Akhilesh expelled from SP, but President’s rule unlikely in Uttar Pradesh
According to Article 356 of the Constitution, President’s rule can be imposed in a state if a situation has arisen in which the government of the state cannot be carried on in accordance with the provisions of the Constitution.YadavFamilyFeud Updated: Dec 31, 2016 01:04 IST
As poll-bound Uttar Pradesh suddenly descended into a political crisis following the expulsion of chief minister Akhilesh Yadav from the Samajwadi Party (SP), constitutional experts ruled out immediate imposition of President’s rule in the state, saying it didn’t mean failure of constitutional machinery in the state.
Speculation was rife after Uttar Pradesh governor Ram Naik said he was keeping a watch on the political developments in SP even as he termed these as “an intra-party issue”.
According to Article 356 of the Constitution, President’s rule can be imposed in a state if a situation has arisen in which the government of the state cannot be carried on in accordance with the provisions of the Constitution. However, the expression “breakdown of constitutional machinery” has not been defined.
Generally, the governor sends a report in this regard to the Centre and it’s his report that forms the basis for the Union Cabinet’s recommendation to the President for invoking Article 356 to impose President’s rule. However, Article 356 also says the President can take such a decision even “otherwise” (i.e. even in the absence of governor’s report).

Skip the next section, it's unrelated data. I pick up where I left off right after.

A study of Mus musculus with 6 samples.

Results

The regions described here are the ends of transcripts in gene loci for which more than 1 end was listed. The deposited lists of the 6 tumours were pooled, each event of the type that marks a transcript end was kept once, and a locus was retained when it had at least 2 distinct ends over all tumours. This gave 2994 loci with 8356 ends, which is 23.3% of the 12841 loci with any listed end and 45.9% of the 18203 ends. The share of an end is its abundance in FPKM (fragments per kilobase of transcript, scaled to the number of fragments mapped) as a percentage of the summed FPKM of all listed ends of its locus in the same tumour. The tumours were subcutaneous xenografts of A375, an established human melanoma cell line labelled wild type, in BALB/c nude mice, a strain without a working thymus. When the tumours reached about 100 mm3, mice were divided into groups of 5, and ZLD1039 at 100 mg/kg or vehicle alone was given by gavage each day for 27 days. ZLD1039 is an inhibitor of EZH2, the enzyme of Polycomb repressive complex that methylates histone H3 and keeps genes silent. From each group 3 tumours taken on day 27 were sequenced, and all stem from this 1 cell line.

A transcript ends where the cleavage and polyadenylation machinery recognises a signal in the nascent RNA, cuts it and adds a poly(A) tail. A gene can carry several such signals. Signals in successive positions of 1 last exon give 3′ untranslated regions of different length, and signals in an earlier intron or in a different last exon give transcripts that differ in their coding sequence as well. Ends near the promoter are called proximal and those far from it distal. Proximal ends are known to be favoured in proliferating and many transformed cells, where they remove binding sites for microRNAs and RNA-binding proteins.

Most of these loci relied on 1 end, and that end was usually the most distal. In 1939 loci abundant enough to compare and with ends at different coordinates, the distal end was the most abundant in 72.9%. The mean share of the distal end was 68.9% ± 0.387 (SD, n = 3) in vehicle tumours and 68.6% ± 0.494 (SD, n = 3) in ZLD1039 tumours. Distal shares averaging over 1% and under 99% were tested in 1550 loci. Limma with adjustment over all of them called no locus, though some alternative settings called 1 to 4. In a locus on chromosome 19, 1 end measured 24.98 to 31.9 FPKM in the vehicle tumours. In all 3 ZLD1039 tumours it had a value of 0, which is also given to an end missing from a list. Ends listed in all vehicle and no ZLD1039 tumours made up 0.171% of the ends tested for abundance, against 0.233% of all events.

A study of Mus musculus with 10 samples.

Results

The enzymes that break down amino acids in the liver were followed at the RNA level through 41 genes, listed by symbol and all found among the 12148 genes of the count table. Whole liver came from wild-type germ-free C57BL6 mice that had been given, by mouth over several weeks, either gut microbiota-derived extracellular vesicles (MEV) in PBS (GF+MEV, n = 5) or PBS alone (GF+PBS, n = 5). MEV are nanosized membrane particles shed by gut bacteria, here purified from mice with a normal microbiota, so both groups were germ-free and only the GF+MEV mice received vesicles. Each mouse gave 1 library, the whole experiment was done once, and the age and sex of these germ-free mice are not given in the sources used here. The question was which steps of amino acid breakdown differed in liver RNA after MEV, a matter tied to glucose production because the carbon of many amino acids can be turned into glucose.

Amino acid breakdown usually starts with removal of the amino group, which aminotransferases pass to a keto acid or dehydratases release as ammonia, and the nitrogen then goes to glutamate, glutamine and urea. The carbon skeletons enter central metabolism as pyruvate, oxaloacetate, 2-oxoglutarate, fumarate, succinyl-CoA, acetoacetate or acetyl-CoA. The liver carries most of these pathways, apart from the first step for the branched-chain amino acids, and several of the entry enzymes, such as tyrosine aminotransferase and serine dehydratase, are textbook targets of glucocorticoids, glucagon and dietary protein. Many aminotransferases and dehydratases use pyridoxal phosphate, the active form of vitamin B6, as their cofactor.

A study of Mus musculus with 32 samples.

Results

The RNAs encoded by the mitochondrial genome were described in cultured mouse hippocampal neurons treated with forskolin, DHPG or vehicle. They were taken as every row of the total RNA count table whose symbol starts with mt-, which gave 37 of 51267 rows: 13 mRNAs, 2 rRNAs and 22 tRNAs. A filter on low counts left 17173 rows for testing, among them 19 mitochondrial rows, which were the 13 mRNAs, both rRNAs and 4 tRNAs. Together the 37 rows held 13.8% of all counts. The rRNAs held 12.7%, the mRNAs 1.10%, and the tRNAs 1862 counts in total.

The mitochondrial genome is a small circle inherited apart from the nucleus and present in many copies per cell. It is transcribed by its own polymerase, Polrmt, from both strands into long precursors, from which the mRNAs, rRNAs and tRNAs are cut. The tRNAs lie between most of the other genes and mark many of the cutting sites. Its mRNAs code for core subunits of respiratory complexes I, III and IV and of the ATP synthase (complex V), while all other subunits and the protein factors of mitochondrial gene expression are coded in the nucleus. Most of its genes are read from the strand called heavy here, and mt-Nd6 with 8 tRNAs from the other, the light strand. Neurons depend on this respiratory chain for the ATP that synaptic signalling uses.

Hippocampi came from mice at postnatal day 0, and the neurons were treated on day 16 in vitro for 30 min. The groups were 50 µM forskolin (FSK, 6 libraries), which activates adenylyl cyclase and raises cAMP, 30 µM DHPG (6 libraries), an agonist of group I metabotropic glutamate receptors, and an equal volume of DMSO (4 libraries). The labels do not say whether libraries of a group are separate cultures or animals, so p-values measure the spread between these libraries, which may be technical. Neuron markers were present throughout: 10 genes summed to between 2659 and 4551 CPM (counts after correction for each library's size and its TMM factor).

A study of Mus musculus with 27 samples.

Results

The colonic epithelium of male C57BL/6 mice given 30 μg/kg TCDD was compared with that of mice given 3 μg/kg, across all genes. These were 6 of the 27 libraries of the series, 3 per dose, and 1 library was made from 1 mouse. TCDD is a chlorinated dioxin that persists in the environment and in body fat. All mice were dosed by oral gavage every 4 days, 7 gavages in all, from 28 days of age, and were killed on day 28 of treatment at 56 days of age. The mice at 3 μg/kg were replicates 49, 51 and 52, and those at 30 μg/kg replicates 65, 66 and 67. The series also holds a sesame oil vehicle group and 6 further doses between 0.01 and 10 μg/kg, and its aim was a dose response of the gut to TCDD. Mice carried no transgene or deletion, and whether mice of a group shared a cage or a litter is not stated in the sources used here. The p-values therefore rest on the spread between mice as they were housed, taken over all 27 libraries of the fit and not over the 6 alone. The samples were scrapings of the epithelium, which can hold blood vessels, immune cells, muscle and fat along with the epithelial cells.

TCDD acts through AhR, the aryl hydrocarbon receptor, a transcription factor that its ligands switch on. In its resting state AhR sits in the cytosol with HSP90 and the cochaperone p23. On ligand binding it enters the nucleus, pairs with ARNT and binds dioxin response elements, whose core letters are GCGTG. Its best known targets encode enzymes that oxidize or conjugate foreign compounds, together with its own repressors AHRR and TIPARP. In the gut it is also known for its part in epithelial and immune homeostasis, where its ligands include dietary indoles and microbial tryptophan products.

Former Lok Sabha secretary general and constitutional expert Subhash Kashyap said: “It all depends upon the President. He has to be satisfied that the constitutional machinery has broken down in the state. Constitutionally, the chief minister’s expulsion does not mean anything.”
“He is the chief minister not because he is a member of Samajwadi Party but because he is the leader of the Samajwadi Party Legislature Party. So long as he enjoys the support of the majority of MLAs, he can continue to be the chief minister,” he explained further.
Another former Lok Sabha secretary general, PDT Achary said: “As of now Akhilesh Yadav continues to be chief minister... He continues to be the leader of the Samajwadi Party Legislature Party. If at all the Governor has any doubt about the chief minister enjoying the support of majority of the MLAs, he can ask Akhilesh Yadav to prove his majority on the floor of the House. He can’t be removed otherwise.”
“… Whether a chief minister enjoys the confidence of majority of MLAs or not has to be tested on the floor of the House alone. If the chief minister fails to prove his majority, then the governor has to explore possibility of forming an alternative government. He can recommend imposition of President’s rule only when an alternative government can’t be formed and he has concluded that constitutional machinery has failed in the state,” he added.
Political observers feel that having burnt its fingers in Arunachal Pradesh and Uttarakhand where the Supreme Court reinstated the ousted governments, the Narendra Modi-led NDA government may not indulge in another political misadventure. Also, the BJP would not like to make Akhilesh Yadav a martyr.
SP chief Mulayam Singh Yadav said Akhilesh Yadav was no longer the chief minister and the party would decide on who would succeed his son.
The Opposition was already gearing up to demand the dismissal of what they termed “a minority government”.